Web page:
Brian Armstrong, the 35-year-old co-founder and CEO of cryptocurrency trading app Coinbase, has joined the Giving Pledge, bringing to a hundred and eighty-five the number of those pledging to dedicate the majority of their wealth to philanthropic causes.
According to Forbes, Armstrong, who co-founded Coinbase as a first-time entrepreneur in 2012, today has a net worth of $1.8 billion and is the first crypto entrepreneur to sign the pledge. He also created GiveCrypto.org, which to date has raised $4 million in donated cryptocurrency that will be distributed, in the form of direct cash transfers, to people living in poverty.
"Once a certain level of wealth is reached, there is little additional utility from spending more on yourself," Armstrong wrote in his pledge letter. "One's ambition begins to move outwards. I've always admired founders and leaders whose ambition to improve the world supersedes any goal related to personal wealth....Whether it's through improving education, creating a more level playing field, or increasing economic freedom, I'm interested in helping more people see their ideas come to fruition in the world."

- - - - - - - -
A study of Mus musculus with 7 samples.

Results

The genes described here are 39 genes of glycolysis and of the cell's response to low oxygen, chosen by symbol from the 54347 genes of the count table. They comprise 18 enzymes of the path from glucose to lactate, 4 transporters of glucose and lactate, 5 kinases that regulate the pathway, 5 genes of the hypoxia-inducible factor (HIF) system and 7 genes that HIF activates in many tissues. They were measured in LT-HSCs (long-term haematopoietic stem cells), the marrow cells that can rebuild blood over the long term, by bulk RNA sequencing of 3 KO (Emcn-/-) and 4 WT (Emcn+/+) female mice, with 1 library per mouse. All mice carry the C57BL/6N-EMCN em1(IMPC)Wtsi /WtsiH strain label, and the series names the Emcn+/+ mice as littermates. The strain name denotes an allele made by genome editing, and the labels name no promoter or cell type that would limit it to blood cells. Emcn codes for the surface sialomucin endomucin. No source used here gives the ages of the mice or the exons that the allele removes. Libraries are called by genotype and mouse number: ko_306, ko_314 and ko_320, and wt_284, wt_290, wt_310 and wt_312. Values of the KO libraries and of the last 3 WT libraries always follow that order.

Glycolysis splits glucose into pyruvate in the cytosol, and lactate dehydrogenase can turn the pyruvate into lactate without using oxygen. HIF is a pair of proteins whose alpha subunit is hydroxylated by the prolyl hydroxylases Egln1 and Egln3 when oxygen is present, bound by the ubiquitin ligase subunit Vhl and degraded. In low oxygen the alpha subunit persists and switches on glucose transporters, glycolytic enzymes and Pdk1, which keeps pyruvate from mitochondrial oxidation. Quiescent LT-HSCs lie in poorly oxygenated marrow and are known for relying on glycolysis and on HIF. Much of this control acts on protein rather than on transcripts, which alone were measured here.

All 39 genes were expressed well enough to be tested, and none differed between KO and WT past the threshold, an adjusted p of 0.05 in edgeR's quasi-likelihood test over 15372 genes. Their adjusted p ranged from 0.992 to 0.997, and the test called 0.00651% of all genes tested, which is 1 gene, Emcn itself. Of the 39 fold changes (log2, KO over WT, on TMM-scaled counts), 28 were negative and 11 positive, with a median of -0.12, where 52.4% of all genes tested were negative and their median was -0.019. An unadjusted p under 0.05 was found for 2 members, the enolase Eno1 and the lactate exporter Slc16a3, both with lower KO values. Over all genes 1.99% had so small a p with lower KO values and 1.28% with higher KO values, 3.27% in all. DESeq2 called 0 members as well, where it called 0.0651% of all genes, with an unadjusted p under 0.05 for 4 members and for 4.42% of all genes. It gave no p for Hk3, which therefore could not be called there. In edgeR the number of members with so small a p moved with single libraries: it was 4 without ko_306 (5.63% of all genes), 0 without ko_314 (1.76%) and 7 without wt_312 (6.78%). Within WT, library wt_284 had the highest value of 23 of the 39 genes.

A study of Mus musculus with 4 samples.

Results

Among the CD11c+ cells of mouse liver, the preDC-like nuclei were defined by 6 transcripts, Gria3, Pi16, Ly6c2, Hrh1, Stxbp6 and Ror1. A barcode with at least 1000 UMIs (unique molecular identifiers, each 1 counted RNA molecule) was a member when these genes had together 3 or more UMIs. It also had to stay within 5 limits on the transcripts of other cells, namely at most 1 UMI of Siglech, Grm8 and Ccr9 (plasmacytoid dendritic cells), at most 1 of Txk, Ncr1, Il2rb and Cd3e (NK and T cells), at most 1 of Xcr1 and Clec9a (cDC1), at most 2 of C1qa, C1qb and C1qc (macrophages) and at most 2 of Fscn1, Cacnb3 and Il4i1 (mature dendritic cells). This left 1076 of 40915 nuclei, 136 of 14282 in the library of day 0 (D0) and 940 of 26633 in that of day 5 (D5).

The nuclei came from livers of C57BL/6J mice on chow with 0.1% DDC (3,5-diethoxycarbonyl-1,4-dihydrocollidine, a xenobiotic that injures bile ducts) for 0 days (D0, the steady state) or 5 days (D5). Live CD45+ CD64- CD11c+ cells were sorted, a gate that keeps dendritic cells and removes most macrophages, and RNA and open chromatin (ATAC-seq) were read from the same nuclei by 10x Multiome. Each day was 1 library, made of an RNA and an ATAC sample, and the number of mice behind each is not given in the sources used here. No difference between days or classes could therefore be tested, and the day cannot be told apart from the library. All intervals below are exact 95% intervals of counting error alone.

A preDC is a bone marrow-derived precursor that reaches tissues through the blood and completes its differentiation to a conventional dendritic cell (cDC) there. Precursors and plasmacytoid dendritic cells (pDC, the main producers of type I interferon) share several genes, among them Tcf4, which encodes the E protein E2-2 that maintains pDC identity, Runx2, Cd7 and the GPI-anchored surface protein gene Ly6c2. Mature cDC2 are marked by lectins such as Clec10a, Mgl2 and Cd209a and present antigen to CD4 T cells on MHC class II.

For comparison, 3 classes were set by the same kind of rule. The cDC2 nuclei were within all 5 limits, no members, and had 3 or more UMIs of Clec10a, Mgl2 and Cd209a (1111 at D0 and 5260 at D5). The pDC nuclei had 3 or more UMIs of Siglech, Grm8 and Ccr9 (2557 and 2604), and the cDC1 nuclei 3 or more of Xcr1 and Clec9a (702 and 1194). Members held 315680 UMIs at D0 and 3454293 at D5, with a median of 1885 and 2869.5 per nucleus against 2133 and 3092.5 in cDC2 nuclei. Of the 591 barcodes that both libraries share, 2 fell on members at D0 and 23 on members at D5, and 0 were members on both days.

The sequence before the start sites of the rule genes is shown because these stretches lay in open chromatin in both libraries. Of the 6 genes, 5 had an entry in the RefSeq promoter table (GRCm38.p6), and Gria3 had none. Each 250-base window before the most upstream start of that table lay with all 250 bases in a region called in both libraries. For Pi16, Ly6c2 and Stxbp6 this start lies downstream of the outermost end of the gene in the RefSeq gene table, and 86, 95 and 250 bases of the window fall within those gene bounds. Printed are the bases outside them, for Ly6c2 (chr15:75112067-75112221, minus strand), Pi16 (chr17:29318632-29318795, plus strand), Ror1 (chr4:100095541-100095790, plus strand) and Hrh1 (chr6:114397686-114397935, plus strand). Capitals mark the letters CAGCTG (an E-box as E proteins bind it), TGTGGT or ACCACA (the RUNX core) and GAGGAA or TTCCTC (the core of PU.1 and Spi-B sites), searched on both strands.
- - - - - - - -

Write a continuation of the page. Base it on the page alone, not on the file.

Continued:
Other recent signatories to the pledge include Choice Hotels International chair Stewart Bainum and his wife, Sandy, who joined the pledge in September. Stewart Bainum — whose father, Stewart, Sr., grew up during the Great Depression, worked multiple jobs as a teenager, and went on to found Choice Hotels and Manor Care as well as the Bainum Family Foundation — served in the Maryland House of Delegates and Senate in the 1970s and '80s.
"With our good fortune came the obligation to give back. My interest in philanthropy and public service grew out of both my religious upbringing, which included a year and a half of divinity school, and my parents' early commitment to giving," the Bainums' pledge letter states. "Historically we've preferred to quietly allocate our philanthropic capital, often anonymously. But we have come to believe that joining 'the Giving Pledge' might motivate others to as well."